Published Sat, Oct 31, 2020, recorded Wed, Oct 21, 2020


  • via Simon Thor
  • Awkward Array is a library for nested, variable-sized data, including arbitrary-length lists, records, mixed types, and missing data, using NumPy-like idioms.
  • This makes it better than numpy at handling data where e.g. the rows in a 2D array have different lengths. It can even be used together with numba to jit-compile the code to make it even faster.
  • Arrays are dynamically typed, but operations on them are compiled and fast. Their behavior coincides with NumPy when array dimensions are regular and generalizes when they’re not.
  • Recently rewritten in C++ for the 1.0 release and can even be used from C++ as well as Python.
  • Careful on installation: pip install awkward1 ← Notice the 1.

Brian #2: Ordered dict surprises

  • Ned Batchelder
  • “Since Python 3.6, regular dictionaries retain their insertion order: when you iterate over a dict, you get the items in the same order they were added to the dict. Before 3.6, dicts were unordered: the iteration order was seemingly random.”
  • The surprises:
    • You can’t get the first item, like d[0], since that’s just the value matching key 0, if key 0 exists. (I’m not actually surprised by this.)
    • equality and order (this I am surprised by)
      • Python 3.6+ dicts ignores order when testing for equality
      • {"a": 1, "b": 2} == {"b": 2, "a": 1}
    • OrderdDicts care about order when testing for equality
      • OrderedDict([("a", 1), ("b", 2)]) != OrderedDict([("b", 2), ("a", 1)])

Michael #3: jupyter lab autocomplete and more

  • via Anders Källmar
  • Examples show Python code, but most features also work in R, bash, typescript, and many other languages.
  • Hover: Hover over any piece of code; if an underline appears, you can press Ctrl to get a tooltip with function/class signature, module documentation or any other piece of information that the language server provides
  • Diagnostics: Critical errors have red underline, warnings are orange, etc. Hover over the underlined code to see a more detailed message
  • Jump to Definition: Use the context menu entries to jump to definitions
  • Highlight References: Place your cursor on a variable, function, etc and all the usages will be highlighted
  • Automatic Completion: Certain characters, for example '.' (dot) in Python, will automatically trigger completion
  • Automatic Signature Suggestions: Function signatures will automatically be displayed
  • Rename: Rename variables, functions and more, in both: notebooks and the file editor.

Brian #4: Open Source Tools & Data for Music Source Separation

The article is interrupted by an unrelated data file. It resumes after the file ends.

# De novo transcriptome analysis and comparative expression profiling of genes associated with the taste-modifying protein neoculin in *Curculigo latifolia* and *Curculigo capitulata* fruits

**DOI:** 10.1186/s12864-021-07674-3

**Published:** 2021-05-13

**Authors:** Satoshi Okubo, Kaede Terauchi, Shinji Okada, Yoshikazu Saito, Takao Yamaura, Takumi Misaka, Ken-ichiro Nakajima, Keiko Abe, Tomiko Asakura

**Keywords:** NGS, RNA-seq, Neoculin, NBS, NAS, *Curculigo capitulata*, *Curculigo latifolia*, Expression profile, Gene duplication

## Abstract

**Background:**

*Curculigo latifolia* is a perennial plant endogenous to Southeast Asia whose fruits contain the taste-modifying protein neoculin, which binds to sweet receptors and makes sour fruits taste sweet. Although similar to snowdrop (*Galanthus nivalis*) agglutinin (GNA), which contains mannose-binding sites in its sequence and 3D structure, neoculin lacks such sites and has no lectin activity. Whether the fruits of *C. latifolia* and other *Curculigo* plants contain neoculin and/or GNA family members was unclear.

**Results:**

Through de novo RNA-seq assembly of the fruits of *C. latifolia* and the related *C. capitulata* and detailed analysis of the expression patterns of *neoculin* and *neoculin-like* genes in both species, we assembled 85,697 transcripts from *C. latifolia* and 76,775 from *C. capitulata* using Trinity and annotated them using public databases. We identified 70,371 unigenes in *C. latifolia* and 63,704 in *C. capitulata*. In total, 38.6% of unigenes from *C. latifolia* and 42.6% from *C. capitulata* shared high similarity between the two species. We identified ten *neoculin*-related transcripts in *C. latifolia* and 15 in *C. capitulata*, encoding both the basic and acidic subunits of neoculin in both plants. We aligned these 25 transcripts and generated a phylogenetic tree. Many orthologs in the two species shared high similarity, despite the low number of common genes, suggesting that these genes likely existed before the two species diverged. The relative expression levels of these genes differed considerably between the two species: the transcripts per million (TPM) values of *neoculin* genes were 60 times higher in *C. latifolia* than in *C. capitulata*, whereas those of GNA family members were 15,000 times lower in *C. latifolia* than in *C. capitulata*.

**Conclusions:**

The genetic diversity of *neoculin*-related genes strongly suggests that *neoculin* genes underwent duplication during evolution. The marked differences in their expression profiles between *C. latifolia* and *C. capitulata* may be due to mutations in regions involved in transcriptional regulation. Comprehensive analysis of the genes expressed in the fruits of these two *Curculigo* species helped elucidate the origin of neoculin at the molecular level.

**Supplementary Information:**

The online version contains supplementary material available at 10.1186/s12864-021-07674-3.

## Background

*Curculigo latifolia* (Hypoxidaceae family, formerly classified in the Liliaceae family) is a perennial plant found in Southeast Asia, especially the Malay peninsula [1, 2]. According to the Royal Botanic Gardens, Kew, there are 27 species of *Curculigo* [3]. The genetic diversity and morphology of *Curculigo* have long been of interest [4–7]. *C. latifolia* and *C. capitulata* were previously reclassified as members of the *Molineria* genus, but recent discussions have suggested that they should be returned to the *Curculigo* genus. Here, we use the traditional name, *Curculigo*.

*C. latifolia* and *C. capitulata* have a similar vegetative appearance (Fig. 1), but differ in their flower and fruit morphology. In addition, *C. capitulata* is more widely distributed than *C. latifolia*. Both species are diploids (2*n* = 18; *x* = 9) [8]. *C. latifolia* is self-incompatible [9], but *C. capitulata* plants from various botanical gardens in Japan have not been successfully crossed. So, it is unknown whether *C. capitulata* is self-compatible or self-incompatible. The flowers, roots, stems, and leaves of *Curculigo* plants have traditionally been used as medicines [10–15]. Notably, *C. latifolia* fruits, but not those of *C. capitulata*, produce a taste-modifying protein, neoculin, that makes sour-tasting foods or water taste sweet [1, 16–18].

• An online “book” powered by Jupyter Book
  • By Ethan Manilow, Prem Seetharaman, and Justin Salamon
  • A tutorial intended to guide people “through modern, open-source tooling and datasets for running, evaluating, researching, and deploying source separation approaches. We will pay special attention to musical source separation, though we will note where certain approaches are applicable to a wider array of source types.”
  • Uses Python and interactive demos with visualizations.
  • Section “basics of source separation” that includes a primer on digitizing audio signals, a look time frequency representations, what phase is, and some evaluations and measurements.
  • Includes
    • use of a library called nussl
    • deep learning approaches
    • datasets
    • training deep networks
  • Brian’s comments:
    • Very cool this is an open source book
    • Even if you don’t care about source separation, the primer on waveform digitization is amazing.
    • The interactive features are great.

Michael #5: Pass by Reference in Python: Background and Best Practices

  • Does Python have pointers?
  • Some languages handle function arguments as references to existing variables, which is known as pass by reference. Other languages handle them as independent values, an approach known as pass by value.
  • Python uses pass by assignment, very similar to pass by ref.
  • In languages that default to passing by value, you may find performance benefits from passing the variable by reference instead
  • If you actually want to change the value, consider
    • Returning multiple values with tuple unpacking
    • A mutable data type
    • Returning optional “value” types
    • For example, how would we recreate this in Python? public static bool TryParse (string s, out int result);
  • Tuple unpacking
        def tryparse(string, base=10):
                return True, int(string, base=base)
            except ValueError:
                return False, None
    success, result = tryparse("123")
  • Optional types:
        def tryparse(string, base=10) -> Optional[int]:
                return int(string, base=base)
            except ValueError:
                return None
    if (n := tryparse("123")) is not None:
  • Best Practice: Return and Reassign

Brian #6: Visualizing Git Concepts

  • by onlywei Wei Wang
  • Git Basics is good, and important, but hard to get all these concepts to sink in well until you play with it.
  • Visualizing Git Concepts with D3 solidifies the concepts
  • Practice using git commands without any code, just visualizing the changes to the repository (and sometimes the remote origin repository) while typing commands.
    • commit, branch, checkout, checkout -b
    • reset, revert
    • merge, rebase
    • tag
    • fetch, pull, push
  • Incredibly powerful to be able to play around with these concepts without using any code or possibly mucking up your repo.